Whether you’re looking for 3 months old activities, games for 6 month olds, or 9 months old baby activities, 125 Brain Games for Babies revised, is the perfect source for every parent’s needs. Try out these baby games with your little one today!

Connect with Conversation
(3 to 6 months)

What Brain Research Says:
Language is fundamental to brain development. Having a conversation with your baby is a great stimulant for the brain. Anytime during the day is a good opportunity to talk with your baby and develop her language.
• Start a conversation with your baby. Say a short sentence such as, “it is a beautiful day today.”
• When your baby responds with some babbles or a coo, stop talking and look into her eyes.
• As your baby talks, respond with a nod of your head or a smile.
• This indicates to your baby that you are listening to and enjoying her sounds.
• Continue with another sentence. Always stop and listen to your baby’s response.
• This game also teaches your child about taking turns.


Touching Textures
(6 to 9 months)

What Brain Research Says:
Games that challenge your baby to reach for an object develop your baby’s hand-eye coordination, which impacts the “wiring” in his brain.
• Games that encourage eye-hand coordination are important to play with your baby because they help develop the wiring in her brain.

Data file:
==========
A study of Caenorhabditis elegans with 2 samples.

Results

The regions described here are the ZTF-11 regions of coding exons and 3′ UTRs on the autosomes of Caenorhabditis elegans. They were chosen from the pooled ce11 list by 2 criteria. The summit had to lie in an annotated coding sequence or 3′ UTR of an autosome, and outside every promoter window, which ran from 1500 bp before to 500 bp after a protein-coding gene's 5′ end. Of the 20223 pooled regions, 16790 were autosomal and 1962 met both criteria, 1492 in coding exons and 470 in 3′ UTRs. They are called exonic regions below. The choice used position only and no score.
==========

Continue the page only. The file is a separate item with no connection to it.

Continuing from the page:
• Gather together strips of different kinds of materials—wool, cotton, velvet, satin, and any others that you might have.
• Sit on the floor with your baby and hold out one of the material pieces close enough for him to reach. When he grabs at it, praise his effort.
• Once he has touched the strip of material, tell him the name of it and place it on his palm. Describe the feel of the material. “This is velvet and it feels smooth.”
• He will not understand all of your words, but he will associate the sound of your voice with the feel of the material.


One, Two, Three, Kick

(9 to 12 months)

What Brain Research Says:
Physical movement stimulates not only muscles and bone development, but also brain growth and development. Research shows that physical activity stimulates the brain to develop connections and pathways neurons. Active neurological pathways are critical to intellectual and cognitive growth.
• Show your little one how you hold on to the side of a chair and kick your leg in the air.
• Encourage him to copy you.
• Say, “One, two, three, kick” and kick your leg in the air on the word kick.
• Listening for the word kick is a lot of fun for babies and kicking a leg into the air develops their muscle strength.
• Kick in front, kick to the side, and kick in back.
• Try counting in a soft voice and saying the word kick in a big voice.